Founders Journal 75 · Winter 2009 · p. 33
Parsons, Burk, ed. John Calvin: A Heart for Devotion, Doctrine, & Doxology (Orlando: Reformation Trust, 2008), 257pp. $19.00.
Reviewed by Tim Brister
In the providence of God, we are living in a time when the resurgence of Calvinism is celebrating the 500th year of John Calvin’s birth. Unlike generations past, Calvinism is cool, even to the point that The New York Times is writing reports on the leaders of this new generation of Calvinists. Molly Worthen, author of the New York Times‘ article, made a striking conclusion about the Calvinism of this generation:
“[The] New Calvinism underscores a curious fact: the doctrine of total human depravity has always had a funny way of emboldening, rather than humbling, its adherents” [“What Would Jesus Smack Down?” by Molly Worthen The New York Times (January 6, 2009)].
Worthington’s “fact” cannot be sustained by the historical record and it is certainly not true of Calvin himself because the sixteenth-century reformer knew nothing of any doctrine that promotes pride rather than humility. The book, John Calvin: A Heart for Devotion, Doctrine, & Doxology demonstrates this by peeling back the layers of modern-day half-truths and caricatures to show the true nature of the man and his message. The editor, Burk Parsons, explains that “the purpose of this volume [is] that the people of God might more fully trust, invoke, praise, and love the Lord” (xix).
More than merely focusing on Calvin, this book, as Calvin would undoubtedly desire, aims to give a deeper and truer knowledge of Calvin’s God. If it is agreeable that “a true Calvinist is one who strives to think as Calvin thought and live as Calvin lived–insofar as Calvin thought and lived as our Lord Jesus Christ” (6), then it is incumbent upon all Calvinists, especially those brought up in this recent resurgence, to read this book. Divided into two sections, the excellent list of nineteen contributors provides both breadth and depth into both Calvin’s life and thought in a way that both the layman and scholar can richly benefit. But more importantly, the tenor of the chapters exhibit the humility of Calvin and cast his writings under the majesty of the God whose fear was always in his heart.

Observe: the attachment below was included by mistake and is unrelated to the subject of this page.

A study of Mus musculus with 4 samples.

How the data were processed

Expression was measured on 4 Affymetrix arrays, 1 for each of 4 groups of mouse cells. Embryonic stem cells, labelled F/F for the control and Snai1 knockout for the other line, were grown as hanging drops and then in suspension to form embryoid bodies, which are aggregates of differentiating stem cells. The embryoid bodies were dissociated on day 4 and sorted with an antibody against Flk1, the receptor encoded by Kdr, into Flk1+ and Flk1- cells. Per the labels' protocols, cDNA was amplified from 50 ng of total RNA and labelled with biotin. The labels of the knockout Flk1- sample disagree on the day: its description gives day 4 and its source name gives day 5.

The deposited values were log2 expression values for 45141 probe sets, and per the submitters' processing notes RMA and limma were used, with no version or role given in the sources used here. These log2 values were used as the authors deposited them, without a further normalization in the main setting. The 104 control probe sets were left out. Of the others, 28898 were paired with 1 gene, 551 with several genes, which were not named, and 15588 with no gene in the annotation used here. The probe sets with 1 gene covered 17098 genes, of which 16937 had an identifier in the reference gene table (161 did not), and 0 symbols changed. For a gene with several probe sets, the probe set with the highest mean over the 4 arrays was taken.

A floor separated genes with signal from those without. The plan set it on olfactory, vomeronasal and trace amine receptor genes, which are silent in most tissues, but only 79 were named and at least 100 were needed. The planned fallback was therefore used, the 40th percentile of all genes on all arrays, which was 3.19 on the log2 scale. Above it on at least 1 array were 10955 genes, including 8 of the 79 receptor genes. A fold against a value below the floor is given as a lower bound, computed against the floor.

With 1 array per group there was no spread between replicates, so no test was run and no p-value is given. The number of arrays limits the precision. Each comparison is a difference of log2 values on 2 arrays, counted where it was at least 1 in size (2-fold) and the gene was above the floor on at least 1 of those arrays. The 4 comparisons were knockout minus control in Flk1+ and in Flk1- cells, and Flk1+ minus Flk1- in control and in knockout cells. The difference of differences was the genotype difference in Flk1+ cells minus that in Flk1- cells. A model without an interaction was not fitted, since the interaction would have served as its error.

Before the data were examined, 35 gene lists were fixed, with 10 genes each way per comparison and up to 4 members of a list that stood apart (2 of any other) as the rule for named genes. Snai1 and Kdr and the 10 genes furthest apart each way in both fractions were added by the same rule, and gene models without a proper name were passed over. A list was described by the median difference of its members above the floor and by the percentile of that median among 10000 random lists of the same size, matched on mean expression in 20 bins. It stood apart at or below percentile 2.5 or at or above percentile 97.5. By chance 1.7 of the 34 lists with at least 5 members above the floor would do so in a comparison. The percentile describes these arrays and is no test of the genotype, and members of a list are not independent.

Calvin’s life-long prayer was, “I offer my heart to you, Lord, promptly and sincerely” (32), and this book provides a panoramic picture–whether as disciple of Christ, churchman, preacher, Reformer, theologian, or statesman–of how that prayer produced a man who was “mastered by God” (7). Of all the books that are available today in honor of Calvin, perhaps none gives a better glimpse into the man who gazed at God through the lens of His Word. Given the popular misperception that Calvinists are not committed to evangelism, missions, or church planting, however, it would have been helpful had more emphasis been given to Calvin’s impact in leading Geneva to become the greatest missionary sending city during the Reformation.
To glean from the teachings of Calvin, is to have as a tutor a man intimately acquainted with the greatest knowledge in the world–the knowledge of God Himself.
Should we follow the example of Calvin, we would have as a friend a man whose devotion was a touchstone for humility. A closer look into the life of Calvin would garner a deeper love for God and His Word, which to no one’s surprise, reveals the enduring impact of the contribution he made, and continues to make, 500 years after his birth.
More Recent and Upcoming Titles on Calvin and Calvinism
A Reader’s Guide to Calvin’s Institutes by Anthony Lane (Baker Academic, June 2009).
John Calvin: Pilgrim and Pastor by W. Robert Godfrey (Crossway, April 2009).
John Calvin: A Pilgrim’s Life by Hermon J. Selderhuis (IVP Academic, March 2009).
The Soul of Life: The Piety of John Calvin by Joel Beeke (Reformation Heritage Books, 2009).
The Piety of John Calvin: A Collection of His Spiritual Prose, Poems and Hymns by Ford Lewis Battles (P&R Publishing, May 2009).
John Calvin and His Passion for the Glory of God by John Piper (Crossway, 2008).
A Theological Guide to Calvin’s Institutes: Essays and Analysis by David W. Hall and Peter A. Lillback (P&R Publishing, 2008).
The Legacy of John Calvin: His Influence on the Modern World by David W. Hall (P&R Publishing, 2008)
The Writings of John Calvin: An Introductory Guide by Wulfert de Greef (Westminster John Knox Press, 2008, expanded edition).